The omission of justice targets from the Closing the Gap framework for improving Aboriginal and Torres Strait Islander wellbeing has been called inexplicable – and many are disappointed the Federal Government has dropped plans to introduce such targets.
The over-imprisonment of Aboriginal and Torres Strait Islander peoples is a critical health issue in so many ways, as illustrated below by Debbie Kilroy OAM MLB, CEO of Sisters Inside, a community organisation that advocates for the human rights of women in the criminal justice system.
Unpicking some of the impacts of structural and systemic racism and sexism
Debbie Kilroy writes:
The treatment of criminalised and imprisoned women and girls is deteriorating rapidly in Australia.
The Productivity Commission’s report on Indigenous disadvantage, which showed a huge jump in the number of Indigenous people being imprisoned and in the numbers self harming, is an indictment on us all, but the information isn’t new.
The prison system hides behind thousands of pages of law and polices that suggest women prisoners are treated fairly and with dignity, and that they are in prison to protect the community.
This is what makes it difficult to expose the raw reality of women and girls’ exposure to systematic breaches of human rights on a daily basis behind bars.
The prison system can cover up, side-step the truth, create smoke and mirrors. The prison system feeds into the rhetoric that we as advocates are just misleading the community, hysterical and even liars.
The recent cover up and diversionary tactics of the prison system in Queensland concerned the access of a newborn baby to his mother’s breast milk.
This baby boy was removed from his mother just days after his birth and placed in care. His mother was returned to prison and both were denied the right to spend these vital weeks in the purpose-built cells for mothers and babies.
Instead, the prison system and child safety facilitated the removal of this little Aboriginal boy and he was placed in foster care. His mother was given a mattress on the floor of a cell, due to overcrowding.
I cannot imagine the trauma this young mother is experiencing, the grief and loss. However, I do understand the trauma of having my children taken from me when I was sentenced to a term of imprisonment thirty years ago, and that was unbearable.
This young mother is still producing breast milk and she wants to continue to provide breast milk for her baby. Once again the prison system and child safety passed the buck back and forth to each other and no breast pump was supplied to the mother.
Sisters Inside acquired a breast pump and took it straight to the prison for the young mother. On arrival we were told the breast pump would not be accepted as the woman did not fill out a form – red tape and policies used again to block access to something as basic and vital as a breast pump.
When are the best interests of a newborn baby taken into account?
The prison system talks the talk, but side-steps action when the reality arrives.
It took an email from Sisters Inside to the general manager of the prison asking that the decision be overturned before we could take the breast pump back for the mother.
However, we don’t have confirmation that she has actually received the pump and we won’t until we see the young mother again.
Our concern is that the prison system may not allow us access to her again because we have made this issue very public and exposed the abuse inflicted on mother and child.
The prison system’s response to date is that I do not have the whole story, and they couldn’t discuss it further because of ‘privacy’. The question isn’t about the whole story or privacy.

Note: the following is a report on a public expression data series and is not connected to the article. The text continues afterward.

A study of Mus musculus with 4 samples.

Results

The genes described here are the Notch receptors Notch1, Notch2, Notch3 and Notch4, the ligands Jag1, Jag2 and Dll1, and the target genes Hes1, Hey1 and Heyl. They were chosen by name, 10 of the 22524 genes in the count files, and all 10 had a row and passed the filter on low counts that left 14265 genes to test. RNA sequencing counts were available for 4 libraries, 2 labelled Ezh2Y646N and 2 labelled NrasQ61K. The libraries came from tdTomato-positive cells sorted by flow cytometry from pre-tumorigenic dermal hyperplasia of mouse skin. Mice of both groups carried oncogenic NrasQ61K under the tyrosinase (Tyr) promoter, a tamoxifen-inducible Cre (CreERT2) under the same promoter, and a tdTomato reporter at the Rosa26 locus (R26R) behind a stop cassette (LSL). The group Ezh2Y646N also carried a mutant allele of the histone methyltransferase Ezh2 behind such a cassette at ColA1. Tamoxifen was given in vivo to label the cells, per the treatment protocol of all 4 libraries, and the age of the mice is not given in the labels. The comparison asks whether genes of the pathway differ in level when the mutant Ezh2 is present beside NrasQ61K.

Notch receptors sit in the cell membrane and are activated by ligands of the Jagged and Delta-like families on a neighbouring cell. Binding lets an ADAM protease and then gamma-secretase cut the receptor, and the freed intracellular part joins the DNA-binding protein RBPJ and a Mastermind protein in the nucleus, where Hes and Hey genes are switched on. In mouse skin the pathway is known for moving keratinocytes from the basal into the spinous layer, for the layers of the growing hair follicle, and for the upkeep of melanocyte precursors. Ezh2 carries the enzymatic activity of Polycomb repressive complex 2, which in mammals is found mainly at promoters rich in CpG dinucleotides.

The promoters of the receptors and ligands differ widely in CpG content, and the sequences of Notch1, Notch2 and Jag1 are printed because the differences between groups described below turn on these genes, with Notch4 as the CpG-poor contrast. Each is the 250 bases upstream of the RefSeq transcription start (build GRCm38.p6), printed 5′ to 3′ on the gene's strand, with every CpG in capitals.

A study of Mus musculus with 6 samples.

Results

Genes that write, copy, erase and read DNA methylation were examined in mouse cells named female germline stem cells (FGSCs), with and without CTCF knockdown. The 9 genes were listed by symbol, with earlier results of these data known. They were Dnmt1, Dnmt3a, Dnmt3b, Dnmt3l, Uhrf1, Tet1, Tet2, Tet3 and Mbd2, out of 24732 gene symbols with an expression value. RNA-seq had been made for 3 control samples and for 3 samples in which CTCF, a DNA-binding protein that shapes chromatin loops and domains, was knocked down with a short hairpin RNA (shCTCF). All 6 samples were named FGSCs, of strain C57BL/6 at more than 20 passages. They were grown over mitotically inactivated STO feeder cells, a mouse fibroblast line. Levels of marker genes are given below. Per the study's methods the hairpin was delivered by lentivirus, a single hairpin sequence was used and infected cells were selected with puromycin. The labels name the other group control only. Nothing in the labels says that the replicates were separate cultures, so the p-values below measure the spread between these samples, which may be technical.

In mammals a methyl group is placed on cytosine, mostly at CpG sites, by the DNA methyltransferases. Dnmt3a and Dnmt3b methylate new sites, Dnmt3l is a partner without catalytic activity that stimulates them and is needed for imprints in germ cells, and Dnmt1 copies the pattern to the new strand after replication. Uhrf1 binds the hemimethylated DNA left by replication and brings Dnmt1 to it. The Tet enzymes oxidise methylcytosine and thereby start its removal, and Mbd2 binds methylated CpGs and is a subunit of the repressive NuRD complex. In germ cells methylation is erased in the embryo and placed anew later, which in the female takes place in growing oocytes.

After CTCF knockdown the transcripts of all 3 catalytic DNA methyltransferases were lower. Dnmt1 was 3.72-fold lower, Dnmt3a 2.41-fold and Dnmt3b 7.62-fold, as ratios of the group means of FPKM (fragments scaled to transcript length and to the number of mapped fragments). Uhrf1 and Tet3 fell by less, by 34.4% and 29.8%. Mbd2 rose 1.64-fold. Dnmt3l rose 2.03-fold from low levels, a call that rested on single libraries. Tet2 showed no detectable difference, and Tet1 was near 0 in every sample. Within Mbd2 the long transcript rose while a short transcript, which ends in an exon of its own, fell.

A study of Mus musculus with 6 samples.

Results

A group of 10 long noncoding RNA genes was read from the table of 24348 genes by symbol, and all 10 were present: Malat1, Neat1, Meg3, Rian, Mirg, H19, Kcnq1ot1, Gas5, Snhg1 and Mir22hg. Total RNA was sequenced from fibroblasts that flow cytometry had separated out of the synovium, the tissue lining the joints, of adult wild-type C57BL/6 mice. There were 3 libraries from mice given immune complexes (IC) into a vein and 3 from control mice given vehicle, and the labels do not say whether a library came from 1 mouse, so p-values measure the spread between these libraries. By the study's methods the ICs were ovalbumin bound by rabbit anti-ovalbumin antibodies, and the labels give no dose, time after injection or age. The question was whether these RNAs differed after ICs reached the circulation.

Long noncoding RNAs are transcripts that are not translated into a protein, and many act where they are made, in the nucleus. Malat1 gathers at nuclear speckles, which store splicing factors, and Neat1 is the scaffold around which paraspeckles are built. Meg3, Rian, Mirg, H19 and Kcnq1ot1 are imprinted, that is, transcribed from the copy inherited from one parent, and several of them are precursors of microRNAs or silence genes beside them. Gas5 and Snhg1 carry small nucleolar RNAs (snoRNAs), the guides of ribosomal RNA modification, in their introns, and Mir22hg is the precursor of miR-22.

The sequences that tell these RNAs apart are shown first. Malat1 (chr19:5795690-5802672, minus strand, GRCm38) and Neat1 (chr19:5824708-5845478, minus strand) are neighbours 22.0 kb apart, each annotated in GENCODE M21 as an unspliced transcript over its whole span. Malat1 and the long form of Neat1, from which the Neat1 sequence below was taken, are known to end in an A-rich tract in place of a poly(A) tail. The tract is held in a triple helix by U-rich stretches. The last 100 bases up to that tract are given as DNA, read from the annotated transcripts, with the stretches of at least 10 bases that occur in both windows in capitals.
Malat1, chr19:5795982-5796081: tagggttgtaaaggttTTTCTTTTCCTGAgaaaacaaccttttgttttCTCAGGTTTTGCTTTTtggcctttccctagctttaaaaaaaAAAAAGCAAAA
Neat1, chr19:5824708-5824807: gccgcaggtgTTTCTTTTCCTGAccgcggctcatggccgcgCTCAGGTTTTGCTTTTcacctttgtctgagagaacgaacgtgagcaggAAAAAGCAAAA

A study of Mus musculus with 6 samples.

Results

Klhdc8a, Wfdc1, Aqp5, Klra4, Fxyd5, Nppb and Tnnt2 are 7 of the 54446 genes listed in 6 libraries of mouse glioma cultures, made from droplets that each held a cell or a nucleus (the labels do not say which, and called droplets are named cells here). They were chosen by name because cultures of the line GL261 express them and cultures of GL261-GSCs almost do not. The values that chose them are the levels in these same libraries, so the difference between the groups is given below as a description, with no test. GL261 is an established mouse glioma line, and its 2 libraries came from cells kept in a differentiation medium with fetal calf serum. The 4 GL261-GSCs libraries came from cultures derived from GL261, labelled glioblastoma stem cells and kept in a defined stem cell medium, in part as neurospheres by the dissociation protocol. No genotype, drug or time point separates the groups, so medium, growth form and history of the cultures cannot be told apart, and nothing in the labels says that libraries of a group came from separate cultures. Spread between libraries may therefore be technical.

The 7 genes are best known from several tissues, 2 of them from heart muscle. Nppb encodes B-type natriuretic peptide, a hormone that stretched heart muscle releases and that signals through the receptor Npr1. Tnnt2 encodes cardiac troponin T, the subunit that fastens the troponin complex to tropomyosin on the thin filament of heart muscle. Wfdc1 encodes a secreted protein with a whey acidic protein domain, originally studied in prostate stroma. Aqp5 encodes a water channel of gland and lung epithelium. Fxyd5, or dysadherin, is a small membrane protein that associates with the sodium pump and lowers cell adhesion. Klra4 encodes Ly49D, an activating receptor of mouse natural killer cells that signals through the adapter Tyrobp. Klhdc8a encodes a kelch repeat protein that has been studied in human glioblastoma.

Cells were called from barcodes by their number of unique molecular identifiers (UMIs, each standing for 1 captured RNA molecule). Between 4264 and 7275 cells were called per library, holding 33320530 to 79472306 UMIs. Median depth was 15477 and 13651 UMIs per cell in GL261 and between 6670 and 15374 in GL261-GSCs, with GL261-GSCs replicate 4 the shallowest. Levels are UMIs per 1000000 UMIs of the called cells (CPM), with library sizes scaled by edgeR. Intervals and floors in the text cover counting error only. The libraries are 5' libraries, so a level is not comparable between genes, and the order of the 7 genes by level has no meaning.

The question is: why wasn’t a new-born baby and his mother given permission by the prison system to access the mothers and babies unit, considering she has under a month before release?
Why didn’t the prison system and/or child safety provide a breast pump for the young mother, given their policies state that such a decision is made in the best interests of the child?
Why are so many Aboriginal mothers and babies denied access to the mothers and baby units in women’s prisons? Why are the vast majority of mothers in prison with newborn babies not supplied with breast pumps, bottles and refrigeration for breast milk?
This issue is about a newborn baby and the treatment of the baby by the Government that beat their chests with pride about the best interests of children but don’t ensure the best interests of children are complied with when it comes to babies born in prison.
It is about the removal of another Aboriginal baby, the new stolen generation at the dirty hands of the State hiding behind unjust laws and policies.
To all those shocked by the Productivity Commission’s findings, I would say: this is where it starts. A baby removed from his mother, denied even her breast milk in a plastic bottle. Fast-forward to where this mother and this baby boy might be in ten, fifteen years. Go on, think about it.
I must put on the record now that when women and girls inform me of the trauma they experience behind bars, I believe them.
I don’t believe the cover up with which the prison system tries to minimise the women’s and girls’ experiences of violence and abuse at the hands of the system.
I believe Aboriginal women and girls when they say they experience daily racism in prison. I believe women and girls when they say they experience sexism and misogynist treatment daily in prison.
Aboriginal women are the most over represented group in the prison population.
In the last decade, Aboriginal women’s imprisonment rates have increased by 58.6% whereas non-Indigenous men’s prison population has increased by 3.6%.
The data clearly exposes the structural and systemic racism and sexism in laws and policies. Put this together with the fact that over 85% of women in prison are primary care givers of children, and the Commission’s findings are no surprise at all.